T. Anthony Pollner Distinguished Professor, Fall 2011
ABOUT: Karen Coates is a freelance journalist who has spent more than a decade reporting from Southeast Asia. She is the author of five books, and her work has been published in dozens of magazines and newspapers. Her Pollner seminar, "The Savvy Journalist: A 21st Century Survival Guide," helped students understand how to find and pursue interesting stories, how to sell them to a variety of publications, and how to find funding for enterprise journalism. For more on Karen, check out her website.
"My Pollner Experience" by Karen Coates
I'm pretty lucky. A lot of folks dream of Montana, of meeting the mountains and playing beneath the Big Sky. They want to see bears and eat huckleberries and drink a pint of Moose Drool. And when they finally make that trek to the Treasure State, the memories stick with them forever. It’s a once-in-a-lifetime journey.
But I’ve now had the pleasure of living in Montana. Twice. When I was 17, my high school adviser was skeptical when I decided to enroll at The University of Montana. Montana? Really? But he didn’t know what I knew: not only did that university have one of the country’s best journalism schools, but classes in outdoor recreation and a culture that promoted it. I grew up in Wisconsin—it’s flat. I remember touring the UM campus and asking the guide if students really, truly laced up their boots and hit the trails every day. The answer was zigzagging up Mount Sentinel toward the M.
I loved UM and I loved the J-School as a student in the early 90s. I also loved the Kaimin, which became more of a home than my grotty little apartment. I lived in that newsroom, working there most of my college career. That’s where my friends and I learned to be reporters and editors: on the job, doing it, for real.
When I learned of the Pollner position several years ago, I knew immediately I wanted that professorship someday.
But of course I didn’t travel back in time when I set foot on campus last August. While the grounds—and many of the faculty—remain the same, so much else has changed. The J-School has a big, beautiful new building; the Kaimin ditched its scruffy, lumpy couch; students have access to the latest technology, and they know how to use it. Editors and reporters text each other questions and answers, and I proofed stories from anywhere via email. Those things, for better or worse, never happened in my own college days.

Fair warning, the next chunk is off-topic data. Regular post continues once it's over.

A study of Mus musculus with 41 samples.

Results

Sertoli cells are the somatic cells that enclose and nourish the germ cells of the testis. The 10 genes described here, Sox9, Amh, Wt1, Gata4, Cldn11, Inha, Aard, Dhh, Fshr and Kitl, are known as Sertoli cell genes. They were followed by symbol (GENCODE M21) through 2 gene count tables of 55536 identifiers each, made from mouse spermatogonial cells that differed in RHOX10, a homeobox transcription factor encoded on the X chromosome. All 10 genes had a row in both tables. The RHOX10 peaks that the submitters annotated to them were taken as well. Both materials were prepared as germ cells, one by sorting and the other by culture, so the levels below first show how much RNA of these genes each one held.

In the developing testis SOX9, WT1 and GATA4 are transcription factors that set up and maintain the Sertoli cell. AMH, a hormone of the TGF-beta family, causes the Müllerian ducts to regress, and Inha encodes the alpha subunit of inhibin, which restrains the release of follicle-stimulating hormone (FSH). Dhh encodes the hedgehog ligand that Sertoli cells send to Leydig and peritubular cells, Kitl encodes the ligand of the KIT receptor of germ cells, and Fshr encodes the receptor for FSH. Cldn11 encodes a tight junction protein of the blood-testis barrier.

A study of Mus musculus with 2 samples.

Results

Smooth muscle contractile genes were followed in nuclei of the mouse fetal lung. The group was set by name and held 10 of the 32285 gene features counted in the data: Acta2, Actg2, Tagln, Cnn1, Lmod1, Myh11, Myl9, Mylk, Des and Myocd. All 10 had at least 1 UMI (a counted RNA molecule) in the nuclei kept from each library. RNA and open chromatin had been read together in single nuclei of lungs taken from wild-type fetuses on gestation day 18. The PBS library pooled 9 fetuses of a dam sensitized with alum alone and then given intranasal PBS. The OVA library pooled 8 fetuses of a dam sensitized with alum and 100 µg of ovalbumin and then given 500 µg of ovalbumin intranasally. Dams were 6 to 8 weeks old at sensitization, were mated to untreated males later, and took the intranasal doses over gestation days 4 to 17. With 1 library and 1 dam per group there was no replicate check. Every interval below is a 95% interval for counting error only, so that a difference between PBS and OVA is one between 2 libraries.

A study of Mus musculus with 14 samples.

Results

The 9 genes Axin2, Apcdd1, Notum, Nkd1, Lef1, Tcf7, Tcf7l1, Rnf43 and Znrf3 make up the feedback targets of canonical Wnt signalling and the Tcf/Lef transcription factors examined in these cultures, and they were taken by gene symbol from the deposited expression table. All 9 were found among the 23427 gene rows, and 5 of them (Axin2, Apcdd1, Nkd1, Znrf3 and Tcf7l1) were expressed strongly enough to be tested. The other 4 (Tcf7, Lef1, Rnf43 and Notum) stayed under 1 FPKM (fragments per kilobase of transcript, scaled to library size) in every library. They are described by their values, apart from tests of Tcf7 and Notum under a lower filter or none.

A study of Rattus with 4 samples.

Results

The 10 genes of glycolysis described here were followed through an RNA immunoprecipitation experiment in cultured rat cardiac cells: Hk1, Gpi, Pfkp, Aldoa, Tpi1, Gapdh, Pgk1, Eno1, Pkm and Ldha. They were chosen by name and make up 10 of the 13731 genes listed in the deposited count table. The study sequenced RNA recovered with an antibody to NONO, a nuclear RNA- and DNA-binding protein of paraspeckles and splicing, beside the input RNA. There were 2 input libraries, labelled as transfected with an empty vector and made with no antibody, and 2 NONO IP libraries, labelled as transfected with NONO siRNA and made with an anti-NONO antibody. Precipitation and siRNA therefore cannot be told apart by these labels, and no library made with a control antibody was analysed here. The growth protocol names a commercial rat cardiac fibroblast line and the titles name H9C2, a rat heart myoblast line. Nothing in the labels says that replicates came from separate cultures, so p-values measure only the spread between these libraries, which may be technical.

But one thing hasn’t changed in all these years: students still want to be journalists. Real journalists doing real, good work—despite an industry that’s quaking all around them.
I taught a class in the business of freelance journalism: how to be a reporter, editor, photographer, videographer, publicist, accountant and choreographer all in one (because today’s journalism world pretty much demands it). At least that’s what the syllabus said. But in reality, the students taught themselves. They had arrived in class with a blizzard of ideas and the drive to pursue them. I had students starting websites, pitching stories, applying for grants, flying to Nicaragua. And they will make it in this quickly shifting journalism world because they still have what I remember from my first tour in Missoula: passion for the job. That comes from the J-School, and it comes from something deep inside each individual.
And that, I think, is the students’ biggest gift to me—renewed passion for my job. After four short months, I’m back in New Mexico now, gazing at a big blue sky full of potential. I’m finishing a manuscript—not in a typical storm of stress, but with pleasure. I’m writing more, reading more and thinking about the next big trip abroad to gather new material. I’ve watched several students dive straight into the stories and projects that mean the most to them, and I’ve seen them fight hard for the chance to do it.
They are my guides now, as I return to the freelance life. And we share this critical knowledge: there is every reason in the world to keep doing what we do.